Scientists have recorded the sound of volcanic thunder for the first time ever.
While the lightning that happens as a result of an eruption is well-documented and observers have heard the thunder that follows it, it has seldom been isolated from the rumble of the volcano itself, reports AGU.org.
"It's something that people who've been at eruptions have certainly seen and heard before, but this is the first time we've definitively caught it and identified it in scientific data," said Matt Haney, a seismologist at the Alaska Volcano Observatory and lead author of a new study published in the Geophysical Research Letters.
Scientists were able to record thunder by using microphones on an island near an erupting volcano and used maps of lightning strikes to identify the exact sounds of thunder apart from the explosive eruption itself.
For this study, the research team studied the Bogoslof volcano in Alaska's Aleutian Islands in the northern Pacific Ocean. Between December 2016 and August 2017, the volcano erupted over 60 times, spewing out plumes of ash that reached over six kilometers into the sky.
The researchers have said that analyzing and detecting volcanic thunder and lightning could be a way to estimate the size of the plume of ash that gets spewed out of an eruption. This study found that the intensity of the lightning was matched by the thunder that followed it, hence, "Understanding where lightning is occurring in the plume tells us about how much ash has been erupted, and that's something that's notoriously difficult to measure," said Jeff Johnson, a geophysicist at Boise State University who was not connected to the new study.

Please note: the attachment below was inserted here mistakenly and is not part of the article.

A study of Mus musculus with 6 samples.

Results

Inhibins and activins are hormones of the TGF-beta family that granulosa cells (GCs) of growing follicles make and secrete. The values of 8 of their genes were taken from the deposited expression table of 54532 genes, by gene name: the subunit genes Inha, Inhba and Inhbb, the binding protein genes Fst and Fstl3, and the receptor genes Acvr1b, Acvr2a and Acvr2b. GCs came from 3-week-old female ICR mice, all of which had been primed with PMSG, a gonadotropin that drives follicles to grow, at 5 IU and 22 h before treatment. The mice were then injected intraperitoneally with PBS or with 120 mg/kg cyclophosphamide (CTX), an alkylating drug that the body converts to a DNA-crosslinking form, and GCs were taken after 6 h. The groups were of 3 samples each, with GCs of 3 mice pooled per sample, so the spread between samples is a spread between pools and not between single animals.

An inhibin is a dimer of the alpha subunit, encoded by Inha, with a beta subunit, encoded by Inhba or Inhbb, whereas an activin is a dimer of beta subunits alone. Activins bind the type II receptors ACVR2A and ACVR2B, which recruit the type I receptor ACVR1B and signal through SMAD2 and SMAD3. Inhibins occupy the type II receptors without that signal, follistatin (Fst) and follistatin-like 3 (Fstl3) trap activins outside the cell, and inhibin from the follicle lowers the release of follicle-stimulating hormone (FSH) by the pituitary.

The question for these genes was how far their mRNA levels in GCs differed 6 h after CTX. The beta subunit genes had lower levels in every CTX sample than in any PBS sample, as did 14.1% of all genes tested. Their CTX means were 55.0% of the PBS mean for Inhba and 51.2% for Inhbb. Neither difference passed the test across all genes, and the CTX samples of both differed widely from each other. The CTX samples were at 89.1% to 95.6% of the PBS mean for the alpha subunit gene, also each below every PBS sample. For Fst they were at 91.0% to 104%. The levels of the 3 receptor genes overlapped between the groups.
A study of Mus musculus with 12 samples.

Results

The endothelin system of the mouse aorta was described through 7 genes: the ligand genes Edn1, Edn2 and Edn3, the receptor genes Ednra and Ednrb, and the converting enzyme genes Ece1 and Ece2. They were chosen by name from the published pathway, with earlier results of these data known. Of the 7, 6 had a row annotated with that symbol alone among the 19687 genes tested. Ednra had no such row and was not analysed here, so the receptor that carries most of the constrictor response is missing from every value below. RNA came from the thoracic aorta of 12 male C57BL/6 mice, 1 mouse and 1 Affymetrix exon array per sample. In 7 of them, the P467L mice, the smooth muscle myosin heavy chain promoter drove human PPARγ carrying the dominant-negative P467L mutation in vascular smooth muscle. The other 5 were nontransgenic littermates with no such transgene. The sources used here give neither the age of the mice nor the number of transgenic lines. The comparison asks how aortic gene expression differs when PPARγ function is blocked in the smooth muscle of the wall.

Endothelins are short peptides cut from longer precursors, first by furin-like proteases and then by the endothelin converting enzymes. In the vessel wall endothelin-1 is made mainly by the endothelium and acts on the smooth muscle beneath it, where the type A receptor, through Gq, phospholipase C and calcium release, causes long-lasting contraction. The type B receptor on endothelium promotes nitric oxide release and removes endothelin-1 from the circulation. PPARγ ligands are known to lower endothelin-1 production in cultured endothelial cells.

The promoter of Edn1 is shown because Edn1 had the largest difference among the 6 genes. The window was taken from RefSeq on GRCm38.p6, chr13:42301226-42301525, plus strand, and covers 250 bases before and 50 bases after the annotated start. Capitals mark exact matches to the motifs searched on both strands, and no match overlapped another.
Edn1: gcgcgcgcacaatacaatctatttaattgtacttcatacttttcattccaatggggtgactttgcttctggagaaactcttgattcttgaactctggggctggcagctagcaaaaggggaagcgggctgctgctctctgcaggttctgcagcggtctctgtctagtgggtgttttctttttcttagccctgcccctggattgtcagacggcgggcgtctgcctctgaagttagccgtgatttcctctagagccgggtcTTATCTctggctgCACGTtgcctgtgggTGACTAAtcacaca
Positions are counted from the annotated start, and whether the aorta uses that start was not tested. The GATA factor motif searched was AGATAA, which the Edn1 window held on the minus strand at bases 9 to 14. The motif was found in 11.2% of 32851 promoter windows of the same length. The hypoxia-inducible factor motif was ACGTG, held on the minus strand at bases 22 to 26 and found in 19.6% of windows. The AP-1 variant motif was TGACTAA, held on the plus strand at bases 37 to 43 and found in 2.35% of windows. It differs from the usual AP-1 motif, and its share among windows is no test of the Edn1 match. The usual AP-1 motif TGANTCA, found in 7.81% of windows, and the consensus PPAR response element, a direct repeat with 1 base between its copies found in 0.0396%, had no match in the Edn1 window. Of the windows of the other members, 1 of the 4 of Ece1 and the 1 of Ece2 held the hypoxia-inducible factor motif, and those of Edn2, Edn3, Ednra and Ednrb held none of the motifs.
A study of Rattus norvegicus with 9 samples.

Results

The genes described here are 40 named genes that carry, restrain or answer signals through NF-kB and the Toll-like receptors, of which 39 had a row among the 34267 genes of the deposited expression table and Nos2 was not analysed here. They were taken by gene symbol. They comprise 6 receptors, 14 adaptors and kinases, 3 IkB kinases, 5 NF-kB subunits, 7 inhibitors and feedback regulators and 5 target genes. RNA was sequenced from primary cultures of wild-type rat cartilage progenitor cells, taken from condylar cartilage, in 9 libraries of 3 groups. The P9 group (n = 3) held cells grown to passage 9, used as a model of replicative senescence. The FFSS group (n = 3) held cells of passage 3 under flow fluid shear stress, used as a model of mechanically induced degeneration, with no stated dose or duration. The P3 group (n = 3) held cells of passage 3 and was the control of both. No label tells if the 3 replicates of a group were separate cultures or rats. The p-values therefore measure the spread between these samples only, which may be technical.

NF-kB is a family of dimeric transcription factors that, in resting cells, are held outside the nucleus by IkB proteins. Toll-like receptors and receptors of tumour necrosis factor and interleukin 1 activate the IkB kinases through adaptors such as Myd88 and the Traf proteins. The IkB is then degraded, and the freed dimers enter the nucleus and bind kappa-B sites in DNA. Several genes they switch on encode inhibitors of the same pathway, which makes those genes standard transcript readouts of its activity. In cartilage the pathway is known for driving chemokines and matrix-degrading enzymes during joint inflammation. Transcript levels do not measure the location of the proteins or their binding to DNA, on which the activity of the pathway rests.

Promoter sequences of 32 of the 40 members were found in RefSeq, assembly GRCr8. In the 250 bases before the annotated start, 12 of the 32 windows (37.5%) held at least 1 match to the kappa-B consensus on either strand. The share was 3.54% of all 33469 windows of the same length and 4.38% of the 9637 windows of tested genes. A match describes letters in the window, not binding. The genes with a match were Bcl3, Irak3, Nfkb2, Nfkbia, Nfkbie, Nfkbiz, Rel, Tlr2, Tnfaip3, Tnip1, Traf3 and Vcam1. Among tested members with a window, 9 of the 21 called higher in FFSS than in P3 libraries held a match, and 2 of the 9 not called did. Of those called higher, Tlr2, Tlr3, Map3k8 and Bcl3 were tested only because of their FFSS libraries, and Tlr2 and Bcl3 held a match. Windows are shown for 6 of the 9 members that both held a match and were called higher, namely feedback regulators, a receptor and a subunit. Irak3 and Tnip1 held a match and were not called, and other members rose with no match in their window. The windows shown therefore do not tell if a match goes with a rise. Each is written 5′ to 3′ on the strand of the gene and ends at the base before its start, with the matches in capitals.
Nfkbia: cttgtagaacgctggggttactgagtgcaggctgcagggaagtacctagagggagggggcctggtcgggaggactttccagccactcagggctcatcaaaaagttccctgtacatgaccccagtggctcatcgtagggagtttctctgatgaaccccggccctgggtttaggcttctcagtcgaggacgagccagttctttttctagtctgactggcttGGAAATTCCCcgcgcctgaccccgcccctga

"So, if you're locating thunder over a long area, you could potentially say something about how extensive the plume is," he explained.
Lightning from volcanic eruptions are common, notes the report. Various particles that get hurled out from within the Earth like smoke, ash and magma cause violent rumblings that shake the ground for miles. To add drama to the already magnificent display, the ash from the plumes, rub against ice crystals that might be present and get electrified, leading to massive lightning bolts.
During a storm, lightning is followed by claps of thunder, it is the same for volcanic lightning as well. However, scientists did not think it was possible to distinguish the delicate sound of thunder from the more noisy eruption itself.
"If people had been observing the eruption in person, they would have heard this thunder," Haney said. "I expect that going forward, other researchers are going to be excited and motivated to look in their datasets to see if they can pick up the thunder signal."